Fear of the Unknown

One of the many concerns that business people have is fear of the unknown. How did that happen or how could I not see that was going to happen. Recently a friend of mine posted this picture on Facebook:


Whoops how did they not see that one coming? One liker said it reminded him of the MAD magazine fold-in and another liker said good thing the company name isn’t Farbucks.

A Model for Understanding the Unknown

In the conscious competency learning model, people who are unconscious incompetent means they are not aware that something even exists. Conscious incompetence means they know about it but they are really bad at it.  Conscious competence means they know about something and if they try really hard they can pull it off. Unconscious competence means they have practiced something so much they can pull it off without even thinking about it.

In my business of developing talented people who want to become strategically stronger and tactically sharper leaders, people fall into three of the quadrants.  Very few people are unconsciously incompetent who have never heard of “business” and even fewer have never heard of “chess.”

But they can fool themselves into believing what is important and what is not. I liken this to the story of the elephant in the room and the mouse in the corner.

When I talk with business people very few will ever admit they don’t know something about business. For example I don’t know how many times I have heard someone ask, “What is your ROI on that project?” Who would say: “I don’t know what you are talking about?” Yet if you drill down to see if they really understand what it means, unless you have some finance in your background it’s just a guess.

The same goes for other business knowledge.

  • Do you know the four P’s of marketing and how they work together in a campaign?
  • Do you know the five P’s of operations?
  • Do you know four of the most common financial metrics used to evaluate return on potential projects?
  • Do you know what a project is?
  • Do you know what economic supply, demand, and equilibrium are?
  • Do you know any leadership styles and how you use them appropriately?
  • Do you know the four ways to manage risk?
  • Do you know how to generate strategies and take advantage of tactical opportunities?
  • Do you know how to engineer and manufacture solid formations on which to run a business?

And the list could go on and on…Any one of those areas represent the elephant in the room which if you don’t understand could do major damage to your business.  It takes years of hard work and experience to become even consciously competent in those areas let alone proficient.

Yet, what people are worried about is the mouse in the corner called chess. I don’t know how to play or I do know how to play but am really bad at it. The truth is I can teach a kindergartner how to play chess in fifteen minutes. They may not be able to write their moves down but they can start moving their pieces just like an inexperienced boss does when they are charged with managing others.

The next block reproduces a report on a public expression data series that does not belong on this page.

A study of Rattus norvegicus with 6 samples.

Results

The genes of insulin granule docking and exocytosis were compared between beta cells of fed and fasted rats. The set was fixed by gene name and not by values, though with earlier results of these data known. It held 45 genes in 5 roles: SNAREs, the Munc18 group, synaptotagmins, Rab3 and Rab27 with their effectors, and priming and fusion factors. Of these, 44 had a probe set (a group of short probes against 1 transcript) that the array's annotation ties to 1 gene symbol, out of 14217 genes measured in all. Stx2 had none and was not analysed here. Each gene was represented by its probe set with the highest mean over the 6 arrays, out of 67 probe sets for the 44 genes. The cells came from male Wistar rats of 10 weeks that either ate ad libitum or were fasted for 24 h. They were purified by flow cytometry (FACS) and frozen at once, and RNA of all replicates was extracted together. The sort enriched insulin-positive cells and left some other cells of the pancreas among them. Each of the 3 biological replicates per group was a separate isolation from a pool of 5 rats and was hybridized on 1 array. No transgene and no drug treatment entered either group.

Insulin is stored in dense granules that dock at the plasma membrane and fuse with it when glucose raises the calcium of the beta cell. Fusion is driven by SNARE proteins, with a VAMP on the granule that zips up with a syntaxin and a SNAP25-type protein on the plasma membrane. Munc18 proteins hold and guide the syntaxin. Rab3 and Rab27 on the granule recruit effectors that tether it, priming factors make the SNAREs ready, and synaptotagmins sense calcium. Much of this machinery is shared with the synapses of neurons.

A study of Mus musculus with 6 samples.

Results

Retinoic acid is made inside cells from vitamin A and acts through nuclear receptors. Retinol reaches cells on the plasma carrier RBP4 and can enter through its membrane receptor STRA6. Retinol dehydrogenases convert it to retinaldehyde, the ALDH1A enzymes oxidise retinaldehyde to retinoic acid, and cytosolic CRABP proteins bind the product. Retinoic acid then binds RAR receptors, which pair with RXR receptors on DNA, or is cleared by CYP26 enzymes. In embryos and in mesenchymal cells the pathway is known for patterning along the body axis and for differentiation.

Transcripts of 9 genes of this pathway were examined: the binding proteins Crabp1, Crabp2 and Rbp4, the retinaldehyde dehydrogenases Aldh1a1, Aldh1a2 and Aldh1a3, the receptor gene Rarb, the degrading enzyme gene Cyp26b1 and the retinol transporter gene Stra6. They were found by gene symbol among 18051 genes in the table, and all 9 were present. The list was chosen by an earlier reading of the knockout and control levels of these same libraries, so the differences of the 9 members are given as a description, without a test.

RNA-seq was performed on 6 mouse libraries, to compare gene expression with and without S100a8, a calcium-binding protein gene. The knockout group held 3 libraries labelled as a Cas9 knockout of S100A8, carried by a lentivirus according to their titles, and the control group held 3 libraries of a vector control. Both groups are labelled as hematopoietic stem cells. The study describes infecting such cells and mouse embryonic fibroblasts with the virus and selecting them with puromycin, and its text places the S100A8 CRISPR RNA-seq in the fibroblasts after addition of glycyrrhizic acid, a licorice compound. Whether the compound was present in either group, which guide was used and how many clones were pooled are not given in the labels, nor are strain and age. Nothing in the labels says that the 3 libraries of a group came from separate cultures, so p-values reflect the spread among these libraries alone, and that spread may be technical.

That is the easy part, if you think of chess as a way to practice leadership, financial management, risk management, and employee development then the skills you develop during a game of chess transfer directly over to your work.  Here is an example, which player do you think has been a better transformational leader of their chess piece/employees?

Chapter 01_Chess board_02 copy


I once asked this question to a person in my class who admitted other than how to spell chess she knew nothing about the game.  Which side would you rather play?  She considered for a few seconds and said “White.”  When I asked her why, she said: “I don’t know for sure, but it looks like White is up to something.” Her response was an insightful, intuitive response that demonstrated how one can shift from conscious incompetent to the conscious competent quadrant with one answer.

Yes, White is up to something and although they have not won the game, if Black is not careful their King is about to be run out of town in a hurry.

The benefit of reading Business on the Board is that all of this information is contained in one book. The elephant and the mouse are a masterful compilation of stories, case studies and games from my business management and tournament chess careers. The book will leave you strategically stronger and tactically sharper so you are better prepared to win the battles of business. Check out our website www.businessontheboard.com to find out where you can purchase the book.

Today the piece sitting next to the King and Queen is the Bishop, but that transformation occurred when the game arrived in Europe and began to be played by nobility. The elephant was considered the beast of war in India where chess originated. I still have students in my class say: “You need to move the elephant”, which totally confuses everyone else in the room. Who wants to deal with an angry elephant? Need some proof, I recently watched a video on the internet of 12 lions trying to take down an elephant. Who won? I’ll never tell.